As technologies and techniques evolve with time, there are a few basic principles that don’t really change. Scriptwriting is one such pillar whose expression might have transformed, but the fundamentals remain as unchanged and as strong as ever.
I. Be Spontaneous
When it comes to the premise of a story, there really are no set rules you need to follow. You have total freedom to take your story wherever you want to. Start with something exciting, like a high-octane clash between two rival teams or a cop car chasing a criminal. The story does not necessarily have to be told from the start. As far are rules are concerned, you are the creator of all the ones in your script.
II. Start Right
The key to writing a captivating video script is to have an outline of what you are going to say. The old school format of having a mental blueprint and writing down ideas in the form of hints is a good way to start. Learn to stay connected to what you want to say and just start. Do not worry about the ending initially. Starting is half the problem solved. Start with basic dialogues and try to make them as fluid as possible. The end will come to you as you go forward.
III. Avoid Clichés
Clichés are a scriptwriter’s worst enemies. Avoid anything that seems dull or predictable. If you borrow characters from your own life, then change a few aspects such as gender or age. A script which has many characters will require a lot of work, so limit the number early on, you can always introduce someone at a time when nobody would expect. The best way to make a story interesting is to give characters a mission and introduce hurdles in their paths so as to keep the audience involved.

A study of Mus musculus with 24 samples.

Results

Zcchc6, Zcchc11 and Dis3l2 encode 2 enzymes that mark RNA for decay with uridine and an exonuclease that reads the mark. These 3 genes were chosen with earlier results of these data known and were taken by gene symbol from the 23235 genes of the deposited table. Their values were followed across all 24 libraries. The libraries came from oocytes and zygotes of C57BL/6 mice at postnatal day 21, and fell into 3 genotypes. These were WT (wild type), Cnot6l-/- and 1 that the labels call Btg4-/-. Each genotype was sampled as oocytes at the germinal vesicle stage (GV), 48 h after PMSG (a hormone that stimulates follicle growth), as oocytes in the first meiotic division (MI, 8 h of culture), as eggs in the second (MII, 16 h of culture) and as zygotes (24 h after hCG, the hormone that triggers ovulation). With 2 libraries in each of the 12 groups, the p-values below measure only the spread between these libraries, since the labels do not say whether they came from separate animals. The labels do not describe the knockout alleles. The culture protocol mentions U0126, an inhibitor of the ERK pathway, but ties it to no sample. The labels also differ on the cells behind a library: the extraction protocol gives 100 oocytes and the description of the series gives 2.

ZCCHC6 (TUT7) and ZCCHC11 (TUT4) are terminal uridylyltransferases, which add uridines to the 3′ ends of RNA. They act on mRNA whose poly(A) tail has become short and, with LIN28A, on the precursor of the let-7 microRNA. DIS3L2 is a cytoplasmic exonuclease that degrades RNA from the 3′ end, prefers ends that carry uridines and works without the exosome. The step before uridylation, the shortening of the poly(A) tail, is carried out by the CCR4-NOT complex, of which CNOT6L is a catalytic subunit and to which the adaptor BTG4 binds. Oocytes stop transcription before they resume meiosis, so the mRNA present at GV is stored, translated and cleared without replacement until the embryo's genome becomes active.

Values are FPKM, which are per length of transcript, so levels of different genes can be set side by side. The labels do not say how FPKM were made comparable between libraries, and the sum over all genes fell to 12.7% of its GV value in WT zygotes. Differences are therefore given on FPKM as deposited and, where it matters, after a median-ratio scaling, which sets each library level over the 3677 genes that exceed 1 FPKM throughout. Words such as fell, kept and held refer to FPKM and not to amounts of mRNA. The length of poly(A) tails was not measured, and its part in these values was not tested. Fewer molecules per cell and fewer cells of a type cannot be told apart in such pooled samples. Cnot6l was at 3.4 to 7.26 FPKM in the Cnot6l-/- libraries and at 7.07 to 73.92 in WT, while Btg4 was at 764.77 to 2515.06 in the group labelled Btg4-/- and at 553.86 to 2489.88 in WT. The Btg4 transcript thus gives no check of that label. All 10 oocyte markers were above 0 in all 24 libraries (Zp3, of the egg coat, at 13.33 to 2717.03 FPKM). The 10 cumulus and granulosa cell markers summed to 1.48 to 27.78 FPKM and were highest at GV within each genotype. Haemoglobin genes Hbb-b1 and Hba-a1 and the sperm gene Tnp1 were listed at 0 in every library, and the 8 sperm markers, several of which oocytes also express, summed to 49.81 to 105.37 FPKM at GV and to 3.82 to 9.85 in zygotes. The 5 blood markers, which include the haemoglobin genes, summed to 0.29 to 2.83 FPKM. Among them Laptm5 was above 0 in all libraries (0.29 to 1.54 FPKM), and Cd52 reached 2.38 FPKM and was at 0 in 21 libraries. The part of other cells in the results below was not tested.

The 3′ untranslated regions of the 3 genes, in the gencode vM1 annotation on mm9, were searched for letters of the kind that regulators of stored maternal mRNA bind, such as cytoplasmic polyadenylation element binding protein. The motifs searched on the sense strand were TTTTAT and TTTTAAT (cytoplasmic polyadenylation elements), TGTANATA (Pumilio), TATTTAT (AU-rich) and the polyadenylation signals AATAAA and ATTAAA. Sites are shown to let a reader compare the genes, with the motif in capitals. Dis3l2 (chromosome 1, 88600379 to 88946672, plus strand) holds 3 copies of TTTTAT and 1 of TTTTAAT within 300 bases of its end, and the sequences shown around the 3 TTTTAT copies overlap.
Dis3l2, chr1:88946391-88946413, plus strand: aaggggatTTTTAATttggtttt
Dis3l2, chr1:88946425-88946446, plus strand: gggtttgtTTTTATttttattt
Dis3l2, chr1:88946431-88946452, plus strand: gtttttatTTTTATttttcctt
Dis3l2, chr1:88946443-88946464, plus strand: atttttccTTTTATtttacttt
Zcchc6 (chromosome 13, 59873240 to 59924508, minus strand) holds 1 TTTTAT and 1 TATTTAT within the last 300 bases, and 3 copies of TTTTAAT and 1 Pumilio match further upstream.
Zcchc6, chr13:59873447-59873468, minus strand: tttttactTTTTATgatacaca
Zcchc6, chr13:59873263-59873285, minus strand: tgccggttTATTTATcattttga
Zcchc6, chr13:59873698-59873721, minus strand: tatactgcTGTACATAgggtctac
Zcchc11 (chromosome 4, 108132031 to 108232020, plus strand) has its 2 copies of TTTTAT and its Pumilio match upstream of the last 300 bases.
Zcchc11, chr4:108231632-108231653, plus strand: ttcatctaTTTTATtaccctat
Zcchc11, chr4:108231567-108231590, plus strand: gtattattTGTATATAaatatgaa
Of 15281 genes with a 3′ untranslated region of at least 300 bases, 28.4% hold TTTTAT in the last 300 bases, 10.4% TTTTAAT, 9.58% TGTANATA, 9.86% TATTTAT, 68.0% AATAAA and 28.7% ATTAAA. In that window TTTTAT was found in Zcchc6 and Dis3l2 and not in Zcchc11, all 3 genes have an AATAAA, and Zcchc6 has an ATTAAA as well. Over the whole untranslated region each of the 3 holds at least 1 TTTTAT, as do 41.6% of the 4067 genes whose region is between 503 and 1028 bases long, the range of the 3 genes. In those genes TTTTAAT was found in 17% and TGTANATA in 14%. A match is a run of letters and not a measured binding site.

IV. The Devil is in the Details
The best written scripts have accurate descriptions of all things. This is where you have to describe a room or a place with copious amounts of details. The goal is to make readers imagine the place in their head and want to be there themselves. Use short, crisp sentences followed by long ones. Mix them up so it does not sound monotonous. To make sure you do not go overboard, spend more time on living characters rather than inanimate objects.
V. A Word from the Wise
Master storyteller Stephen King’s primary advice to all scriptwriters is – “Show, don’t tell!” We can’t emphasize this enough. For instance, if you are writing a scene where a character is showing her emotions, do not describe her expression in words, but rather paint a picture of what she is feeling or experiencing using visual metaphors. A script is an art of showing what your characters do instead of just narrating. Do not be afraid to dig deeper.
VI. Drop the Dead Weight
Once the script is complete, the tough part begins – editing. This is something which you cannot do alone. Get an editor or an unbiased friend to help you. The tough part about editing is that a lot of stuff is basically thrown out. The editor is not your enemy, he or she is only going to provide you a better or fresher perspective. When you’re too close to your work, it is possible to develop tunnel vision. This is why a fresh set of eyes can help. Anything that gets deleted is for the better health of the script, so do not take it personally.
VII. Just begin
The only way to accomplish something is to get on with it. The destination will only be reached once you start the journey; So stop procrastinating and start writing. Good luck!